Should you get a regular 9-5 job working no more than 8 hours a day while you're trying to build a business, or get a better job as a product manager or management consultant?
The former almost always has no career progression, while the latter is a good backup option in case business fails, as there is still a career progression path and the job in consulting pays a lot better. The customer service job would be purely for money to survive at a good company, while the consulting/design job would be at a good company and would involve more working hours. What's the right way to go?
As someone who just recently when full time self employed after having full time jobs and keeping my business on the side I'd offer you 3 pieces of advice:
* Find a job that will help you develop your skills.
* Remember that your full time job is your main obligation.
* You will need to work nights and weekends on your business, so manage your time properly.
What I would do is work my day job (which would sometimes require more than 8 hours days, and sometimes as much as 16) and then spend 3-4 hours at night or in the mornings working on my side business. The key was my day job was related to my side work so even though I wasn't working directly on my business, as an individual I was growing and preparing for taking the business full time.
I can't overstate this enough though: just remember the full time gig comes first if that's what's paying your bills. I knew it was time for me to leave my last job when I started to feel that was no longer that case. My work and therefore my reputation was at risk and I didn't want to burn any bridges.
If you're willing to simply get by while you work on your dream, look for an opportunity to get paid to work on that dream.
Look around. There are jobs that are incredibly boring and even afford the chance to read while you're on the job. That would be a great time for research, catching up on emails, etc
Night watchmen, late night store clerk, overnight hotel front desk person. You see these roles all the time and hardly notice.
David C Barnett
I've been bootstrapping my own startup for about 12 months. IMO if you take a day job, you're sufficiently distracted to fail. I'm not sure how far down the entrepreneur path you are, but you'll realise that launching your own startup will take every hour you have. You'll work harder than ever - and you'll want to, because this is your idea. I sounds like you have accrued some skill and knowledge, so I would recommend consulting your expertise out to others. This let's you stay in control of your time, you pick the projects. If you can work on projects that are time flexible, then even better. If you can work in an area that also ties into your startup, then you're winning. IMO your "career progression" is what you learn from the entrepreneurial experience. To succeed, you need to put in 200% and the key is to make mistakes and make them quickly. If it all doesn't work out, then you can quickly get back to looking for a good job at a good company.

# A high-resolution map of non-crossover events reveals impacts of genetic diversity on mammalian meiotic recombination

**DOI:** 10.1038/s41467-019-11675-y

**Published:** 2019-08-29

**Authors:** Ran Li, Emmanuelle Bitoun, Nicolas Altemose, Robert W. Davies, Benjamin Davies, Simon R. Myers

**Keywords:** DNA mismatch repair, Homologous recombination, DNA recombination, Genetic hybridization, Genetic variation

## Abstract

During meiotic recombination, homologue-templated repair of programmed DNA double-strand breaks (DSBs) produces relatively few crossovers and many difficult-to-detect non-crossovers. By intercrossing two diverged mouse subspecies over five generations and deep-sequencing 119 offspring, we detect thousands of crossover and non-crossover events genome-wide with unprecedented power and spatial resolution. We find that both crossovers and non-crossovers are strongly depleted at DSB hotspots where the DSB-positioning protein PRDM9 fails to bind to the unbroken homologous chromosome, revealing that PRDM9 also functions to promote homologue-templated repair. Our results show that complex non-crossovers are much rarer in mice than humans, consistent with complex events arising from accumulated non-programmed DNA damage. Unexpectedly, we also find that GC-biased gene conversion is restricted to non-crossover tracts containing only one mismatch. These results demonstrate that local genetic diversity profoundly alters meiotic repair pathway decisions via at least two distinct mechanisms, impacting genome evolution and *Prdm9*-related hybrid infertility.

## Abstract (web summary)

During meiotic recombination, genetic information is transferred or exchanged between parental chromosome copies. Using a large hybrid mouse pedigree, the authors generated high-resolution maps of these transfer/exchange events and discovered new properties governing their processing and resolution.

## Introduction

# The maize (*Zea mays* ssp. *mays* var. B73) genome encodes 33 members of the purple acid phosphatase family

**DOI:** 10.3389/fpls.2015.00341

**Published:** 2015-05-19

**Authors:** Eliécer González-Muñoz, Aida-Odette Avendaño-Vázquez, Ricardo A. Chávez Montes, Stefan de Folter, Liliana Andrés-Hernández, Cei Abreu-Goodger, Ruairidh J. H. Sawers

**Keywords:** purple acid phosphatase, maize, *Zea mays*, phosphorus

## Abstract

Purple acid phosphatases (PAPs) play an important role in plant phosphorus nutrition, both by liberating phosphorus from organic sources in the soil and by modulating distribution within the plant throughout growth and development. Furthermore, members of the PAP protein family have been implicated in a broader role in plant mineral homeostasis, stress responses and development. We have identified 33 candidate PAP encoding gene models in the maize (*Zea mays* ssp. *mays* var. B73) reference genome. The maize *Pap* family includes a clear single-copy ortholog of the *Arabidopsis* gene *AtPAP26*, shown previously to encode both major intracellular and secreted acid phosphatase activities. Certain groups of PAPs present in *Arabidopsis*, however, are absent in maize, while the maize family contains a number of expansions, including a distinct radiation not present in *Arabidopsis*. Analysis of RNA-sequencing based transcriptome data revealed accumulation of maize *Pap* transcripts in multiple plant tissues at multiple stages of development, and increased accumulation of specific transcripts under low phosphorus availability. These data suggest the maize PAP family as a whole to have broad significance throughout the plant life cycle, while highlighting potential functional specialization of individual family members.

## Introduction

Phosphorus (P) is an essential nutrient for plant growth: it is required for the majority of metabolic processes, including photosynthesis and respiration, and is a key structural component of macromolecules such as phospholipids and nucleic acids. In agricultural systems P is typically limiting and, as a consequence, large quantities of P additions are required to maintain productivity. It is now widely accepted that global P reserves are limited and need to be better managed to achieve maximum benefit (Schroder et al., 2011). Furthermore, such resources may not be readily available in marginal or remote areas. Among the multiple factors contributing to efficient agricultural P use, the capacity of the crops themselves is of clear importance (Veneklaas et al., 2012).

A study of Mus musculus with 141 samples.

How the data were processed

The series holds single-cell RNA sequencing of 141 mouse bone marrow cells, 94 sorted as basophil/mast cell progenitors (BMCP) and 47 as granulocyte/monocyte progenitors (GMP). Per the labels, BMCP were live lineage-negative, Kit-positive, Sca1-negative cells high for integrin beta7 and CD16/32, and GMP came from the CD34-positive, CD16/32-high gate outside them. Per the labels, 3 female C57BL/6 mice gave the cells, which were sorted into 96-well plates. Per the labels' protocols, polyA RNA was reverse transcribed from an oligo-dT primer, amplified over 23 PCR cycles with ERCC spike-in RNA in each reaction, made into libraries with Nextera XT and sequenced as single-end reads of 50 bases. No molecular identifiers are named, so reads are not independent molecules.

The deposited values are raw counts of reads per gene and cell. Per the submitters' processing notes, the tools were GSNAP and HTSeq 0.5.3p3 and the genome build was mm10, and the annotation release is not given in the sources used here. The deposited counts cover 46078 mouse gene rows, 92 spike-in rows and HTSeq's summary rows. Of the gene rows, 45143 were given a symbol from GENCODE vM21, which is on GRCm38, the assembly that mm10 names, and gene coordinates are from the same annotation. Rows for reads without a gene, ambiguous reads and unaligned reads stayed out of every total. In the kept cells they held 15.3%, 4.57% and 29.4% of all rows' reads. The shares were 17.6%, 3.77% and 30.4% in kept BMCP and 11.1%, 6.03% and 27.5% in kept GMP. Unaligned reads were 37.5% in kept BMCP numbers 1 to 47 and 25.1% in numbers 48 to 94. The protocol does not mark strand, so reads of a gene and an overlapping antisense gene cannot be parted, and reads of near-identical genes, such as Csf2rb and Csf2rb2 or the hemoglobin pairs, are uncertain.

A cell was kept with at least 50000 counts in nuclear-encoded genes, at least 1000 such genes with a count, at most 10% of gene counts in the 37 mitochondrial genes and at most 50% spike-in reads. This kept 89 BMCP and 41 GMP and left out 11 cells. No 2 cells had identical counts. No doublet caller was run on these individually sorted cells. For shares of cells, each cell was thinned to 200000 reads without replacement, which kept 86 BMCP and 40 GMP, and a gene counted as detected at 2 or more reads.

I started my own conversion optimization agency over a year ago and I found out entrepreneurship takes all your time and focus.
You should be confident enough to know that you will make it, you will pay your bills and you'll launch the business. Of course, this depends a lot on your current status (I only had to provide for myself, I am 100% sure things change when you have children, for example).
The "safest" way to start is to continue working in your domain (the one you want to start your business in, I assume) and try and get one client on the side, in your spare time, without affecting your day job's performance. In the end, you have a name and that's what will help you succeed in your consulting business.
When you get that one client, you will feel much closer to your goal. You will have time to do your research and start promoting the business you are trying to build while being able to cover the bare minimum.
What I can tell you is that I started really giving it my all when I had no backup plan. Getting out of my comfort zone (as cliche as it may sound) helped a lot.
Good luck with your business!
If you are starting your own business, you likely have a significant amount of experience in your industry, or passion which is just as good. I found that a lot of skills I developed while starting new businesses are transferable and there is a demand for them in a freelance marketplace. I have been consulting on and off for pretty much my whole career, even when being neck deep in a new venture. I would suggest identifying a few skills which you can sell by offering them on part-time basis: writing, programming, SEO, creative design, etc. Utilize your network by offering your services or even use larger freelance marketplaces like UpWork. I do not think I would have been able to sustain myself without this kind of work while bootstrapping a new idea.